Here's why you should make memories, not manufactured moments.
Have you heard about this new editing mode from Adobe that helps you digitally erase other tourists from your vacation photos? "Monument Mode" can distinguish moving items, like cars and people, from static ones like monuments and lets you adjust your image accordingly.
My first thought was “Great!” After all, who wants to remember crowds of selfie-stick wielding travelers when you can grab that classic shot? But the more I thought about it, the less I liked the idea. You don't need editing programs to get great photos. And, in fact, you might be much happier with some not-so-great photos. Here’s why:
Classic photos are boring photos.
I’ll admit it – I wish I had an absolutely impeccable photo of the Eiffel Tower. But you know what? That shot has been taken a million times before by a million more talented photographers. And you can find that shot in every souvenir book. Why not use the crowds as a motivation to grab a new angle or focus in on the architectural details? Those are the special shots that no one thinks to get.
Why create false memories?
Yep, I get annoyed when a charming shot is ruined by a clueless tourist hiking the photobomb trail. But I also believe that travel is about having authentic experience and creating great memories. Instead of worrying about people, why not work with the crowds? Get a fun group shot with a bunch of strangers who may just be your new best friends? Reach out and offer to take a shot for someone struggling with their selfie stick. Ask permission from adults before grabbing a snap of their cute kids playing in the courtyard. Those are the real moments and memories of travel that will last a lifetime.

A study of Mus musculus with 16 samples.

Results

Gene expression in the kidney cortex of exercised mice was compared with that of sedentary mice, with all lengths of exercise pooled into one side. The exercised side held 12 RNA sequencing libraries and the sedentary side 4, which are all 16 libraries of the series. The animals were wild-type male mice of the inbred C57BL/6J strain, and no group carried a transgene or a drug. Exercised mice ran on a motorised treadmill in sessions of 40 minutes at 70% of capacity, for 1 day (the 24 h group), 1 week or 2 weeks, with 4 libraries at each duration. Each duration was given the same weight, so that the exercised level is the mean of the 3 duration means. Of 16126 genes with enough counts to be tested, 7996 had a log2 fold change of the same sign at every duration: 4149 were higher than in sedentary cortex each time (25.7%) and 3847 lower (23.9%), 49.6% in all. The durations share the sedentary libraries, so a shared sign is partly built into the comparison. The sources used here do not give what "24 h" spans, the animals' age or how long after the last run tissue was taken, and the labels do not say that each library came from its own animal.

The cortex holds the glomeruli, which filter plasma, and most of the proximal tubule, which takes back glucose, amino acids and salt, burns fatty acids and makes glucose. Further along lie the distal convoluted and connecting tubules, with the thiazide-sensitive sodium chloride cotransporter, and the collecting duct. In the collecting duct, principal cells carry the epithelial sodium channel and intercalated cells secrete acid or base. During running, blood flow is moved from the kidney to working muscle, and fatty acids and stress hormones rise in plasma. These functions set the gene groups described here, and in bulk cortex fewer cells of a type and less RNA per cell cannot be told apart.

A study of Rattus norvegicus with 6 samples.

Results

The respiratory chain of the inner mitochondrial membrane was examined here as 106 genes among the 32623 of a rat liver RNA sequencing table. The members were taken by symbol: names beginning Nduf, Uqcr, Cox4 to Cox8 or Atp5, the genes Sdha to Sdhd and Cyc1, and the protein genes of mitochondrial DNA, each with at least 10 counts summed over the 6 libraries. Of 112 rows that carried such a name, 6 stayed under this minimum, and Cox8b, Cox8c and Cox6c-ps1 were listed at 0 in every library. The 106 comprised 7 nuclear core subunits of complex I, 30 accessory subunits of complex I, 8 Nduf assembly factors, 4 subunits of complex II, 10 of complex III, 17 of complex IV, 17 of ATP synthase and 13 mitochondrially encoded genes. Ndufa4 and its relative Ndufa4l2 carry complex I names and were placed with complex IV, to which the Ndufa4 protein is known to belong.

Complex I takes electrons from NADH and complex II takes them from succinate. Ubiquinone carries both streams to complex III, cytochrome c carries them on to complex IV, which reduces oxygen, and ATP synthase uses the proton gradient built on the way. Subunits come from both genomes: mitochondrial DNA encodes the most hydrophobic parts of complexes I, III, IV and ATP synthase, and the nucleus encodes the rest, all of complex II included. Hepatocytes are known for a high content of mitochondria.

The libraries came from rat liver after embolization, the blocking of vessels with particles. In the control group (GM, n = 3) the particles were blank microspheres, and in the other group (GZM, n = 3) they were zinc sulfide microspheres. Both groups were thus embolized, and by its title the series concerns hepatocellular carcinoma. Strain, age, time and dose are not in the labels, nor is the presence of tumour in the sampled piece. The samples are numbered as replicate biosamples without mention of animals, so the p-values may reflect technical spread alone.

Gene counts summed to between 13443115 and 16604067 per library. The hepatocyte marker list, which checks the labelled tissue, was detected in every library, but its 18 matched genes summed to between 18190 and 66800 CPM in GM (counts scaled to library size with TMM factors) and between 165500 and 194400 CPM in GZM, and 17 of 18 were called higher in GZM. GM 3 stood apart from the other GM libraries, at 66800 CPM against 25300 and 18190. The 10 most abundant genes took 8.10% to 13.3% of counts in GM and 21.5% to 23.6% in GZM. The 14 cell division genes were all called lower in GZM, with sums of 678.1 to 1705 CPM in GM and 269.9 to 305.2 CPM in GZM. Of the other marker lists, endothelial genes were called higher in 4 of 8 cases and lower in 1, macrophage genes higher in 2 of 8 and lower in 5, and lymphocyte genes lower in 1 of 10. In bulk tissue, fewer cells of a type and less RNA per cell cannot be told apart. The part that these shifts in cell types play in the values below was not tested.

Really want tourist free shots? There's no need to edit.
What’s our radical secret for capturing the Acropolis and the Louvre in tourist-free splendor? Showing up early and lingering until it’s late. That’s it! There are plenty of reasons to avoid seeing peak attractions during peak hours. Avoiding the heat, the lines, the crowds, and the pickpockets – that's reason enough for me to get out of bed a little early. And you won't be bothering anyone with your tripod or worrying about holding up a line as you change lenses. And these early and late experiences also enrich our photos and our travel experiences.
I was once the only person in Paris’ Musee D’Orsay. For about 15 unforgettable minutes, mine were the only footsteps that echoed down those legendary halls. I’ve also been part of a guided tour of the Louvre – one of the most popular attractions in the world – where I’ve seen no one else for several rooms in a row. And at Athens’ Acropolis, being early bird arrivals meant we could approach the structure and say hello to the stone masons doing the reconstructive work.
What happens if your schedule is tight and it's impossible to arrive early or stay late? Walk around the corner. While everyone else is clamoring for space, say, at the front of Westminster Abbey, the perfect shot is waiting for you just around the corner at their courtyard.
Embrace imperfect photos - and travel!
Travel isn't perfect, and your photos won't be perfect either. And that's a great thing! The fun, excitement, exhilaration, growth, learning, and lessons of travel aren't the result of flawless experiences. But if you focus more on experiencing the moment instead of manufacturing the memory, you might just discover your ideal trip after all.
We'd love to hear from you! Tell us about a time when you gladly left your camera behind.